Atmospheric Mercury Review Raises Concerns of Environmental Impact

Mercury levels in air on balance with levels found in water, soil, and biosphere

Released: 28-Aug-2014 10:00 AM EDT
Source Newsroom: University of Arkansas at Little Rock

Newswise — Little Rock, Ark. (Aug. 28, 2014)--The professor and chair of the University of Arkansas at Little Rock Department of Chemistry has recently completed an in-depth review of atmospheric mercury in Energy and Emissions Control Technologies, an open access peer-review journal published by Dove Press.

Dr. Jeffrey S. Gaffney and his co-author Nancy A. Marley stressed in their article the many forms that atmospheric mercury takes and how its levels are in balance with mercury levels found in our water, soil, and the biosphere.

Recent studies that show increasing levels of mercury in the ocean’s upper levels, along with news reports of Arkansas lakes as a hotspot for mercury in fish, have heightened awareness of the potential harm mercury poses.

The article, titled “In-depth review of atmospheric mercury: sources, transformations, and potential sink,” has seen extensive online traffic since it was first published Aug. 6.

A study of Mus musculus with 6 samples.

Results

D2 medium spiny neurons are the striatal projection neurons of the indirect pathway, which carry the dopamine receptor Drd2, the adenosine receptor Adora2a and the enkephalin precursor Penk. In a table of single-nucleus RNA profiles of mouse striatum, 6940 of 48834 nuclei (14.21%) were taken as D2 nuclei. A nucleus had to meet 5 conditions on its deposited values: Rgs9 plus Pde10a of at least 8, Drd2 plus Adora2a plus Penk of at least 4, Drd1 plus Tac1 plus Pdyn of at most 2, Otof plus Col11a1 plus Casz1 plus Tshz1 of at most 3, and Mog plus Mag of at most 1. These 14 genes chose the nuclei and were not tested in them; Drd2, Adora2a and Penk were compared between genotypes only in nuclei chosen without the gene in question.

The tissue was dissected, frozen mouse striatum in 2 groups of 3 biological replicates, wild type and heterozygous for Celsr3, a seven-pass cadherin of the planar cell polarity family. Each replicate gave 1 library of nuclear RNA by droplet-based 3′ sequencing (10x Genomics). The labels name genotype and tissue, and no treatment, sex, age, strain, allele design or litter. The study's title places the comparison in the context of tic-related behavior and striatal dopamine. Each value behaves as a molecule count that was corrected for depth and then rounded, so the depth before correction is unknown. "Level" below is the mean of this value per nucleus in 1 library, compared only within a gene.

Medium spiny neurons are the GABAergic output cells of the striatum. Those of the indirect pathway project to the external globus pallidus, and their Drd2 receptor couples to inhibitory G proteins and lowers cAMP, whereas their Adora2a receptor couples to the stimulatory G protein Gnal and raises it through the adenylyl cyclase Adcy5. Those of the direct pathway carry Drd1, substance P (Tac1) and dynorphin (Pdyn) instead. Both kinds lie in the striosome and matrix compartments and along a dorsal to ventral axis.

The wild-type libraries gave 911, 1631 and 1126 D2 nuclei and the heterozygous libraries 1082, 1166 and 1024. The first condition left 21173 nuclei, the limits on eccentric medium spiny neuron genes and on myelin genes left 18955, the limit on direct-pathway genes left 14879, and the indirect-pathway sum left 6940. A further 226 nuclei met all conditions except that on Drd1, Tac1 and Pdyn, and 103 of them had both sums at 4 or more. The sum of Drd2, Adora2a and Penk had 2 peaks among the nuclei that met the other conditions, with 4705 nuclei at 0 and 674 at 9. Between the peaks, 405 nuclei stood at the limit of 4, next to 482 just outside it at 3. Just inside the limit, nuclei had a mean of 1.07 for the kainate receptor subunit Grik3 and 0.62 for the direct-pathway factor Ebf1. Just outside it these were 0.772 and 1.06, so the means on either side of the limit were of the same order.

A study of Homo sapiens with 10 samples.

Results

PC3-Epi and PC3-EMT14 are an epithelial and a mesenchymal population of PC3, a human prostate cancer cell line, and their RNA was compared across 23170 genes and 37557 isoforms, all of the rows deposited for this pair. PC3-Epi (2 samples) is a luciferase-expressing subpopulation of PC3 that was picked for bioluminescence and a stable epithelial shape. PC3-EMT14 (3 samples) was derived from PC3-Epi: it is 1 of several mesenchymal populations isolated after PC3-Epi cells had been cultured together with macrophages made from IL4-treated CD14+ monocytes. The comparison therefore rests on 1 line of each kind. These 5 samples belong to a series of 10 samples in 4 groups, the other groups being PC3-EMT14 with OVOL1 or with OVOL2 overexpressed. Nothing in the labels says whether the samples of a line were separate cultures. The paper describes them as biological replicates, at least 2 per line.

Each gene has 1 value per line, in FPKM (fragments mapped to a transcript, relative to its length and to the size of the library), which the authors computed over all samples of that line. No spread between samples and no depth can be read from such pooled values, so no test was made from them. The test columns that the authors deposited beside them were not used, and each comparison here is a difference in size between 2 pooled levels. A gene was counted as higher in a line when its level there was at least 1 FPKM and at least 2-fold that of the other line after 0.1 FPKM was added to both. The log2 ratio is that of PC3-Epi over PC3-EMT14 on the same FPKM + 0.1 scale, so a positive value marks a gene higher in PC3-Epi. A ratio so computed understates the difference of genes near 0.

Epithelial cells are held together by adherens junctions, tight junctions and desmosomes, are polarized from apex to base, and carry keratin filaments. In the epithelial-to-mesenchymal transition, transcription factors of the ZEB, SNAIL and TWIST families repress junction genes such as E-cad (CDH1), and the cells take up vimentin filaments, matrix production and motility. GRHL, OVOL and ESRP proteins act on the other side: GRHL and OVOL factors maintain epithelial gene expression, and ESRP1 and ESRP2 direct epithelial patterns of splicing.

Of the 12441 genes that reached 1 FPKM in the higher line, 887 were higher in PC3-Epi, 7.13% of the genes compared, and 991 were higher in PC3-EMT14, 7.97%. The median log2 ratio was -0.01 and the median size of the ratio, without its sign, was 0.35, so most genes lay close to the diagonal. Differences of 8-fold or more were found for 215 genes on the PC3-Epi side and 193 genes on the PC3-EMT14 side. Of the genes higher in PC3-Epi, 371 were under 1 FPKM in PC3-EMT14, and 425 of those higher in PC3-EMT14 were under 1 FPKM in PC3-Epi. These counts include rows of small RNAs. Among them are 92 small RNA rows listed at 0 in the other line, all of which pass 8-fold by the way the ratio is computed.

Gaffney said the high volume of page visits was likely tied to the recent news concerning the rising levels of mercury in the oceans. Mercury is a toxic, heavy metal found naturally throughout the global environment.

Increased levels of mercury in the water could be caused by atmospheric deposition primarily in precipitation, something not usually considered when measuring mercury levels, according to the authors.

This timely review outlines the chemistry of mercury in gas, aqueous, and solid phases, including inorganic, organic, and complexed mercury species. The research particularly brings attention to the wet reaction of gaseous mercury with hydrogen peroxide that can occur in clouds and on wet aerosol surfaces.

The sources and fate of mercury in the atmosphere, including the cycling of mercury through soil and water as it impacts atmospheric loadings, are also examined in the review, as well as recommendations for future studies.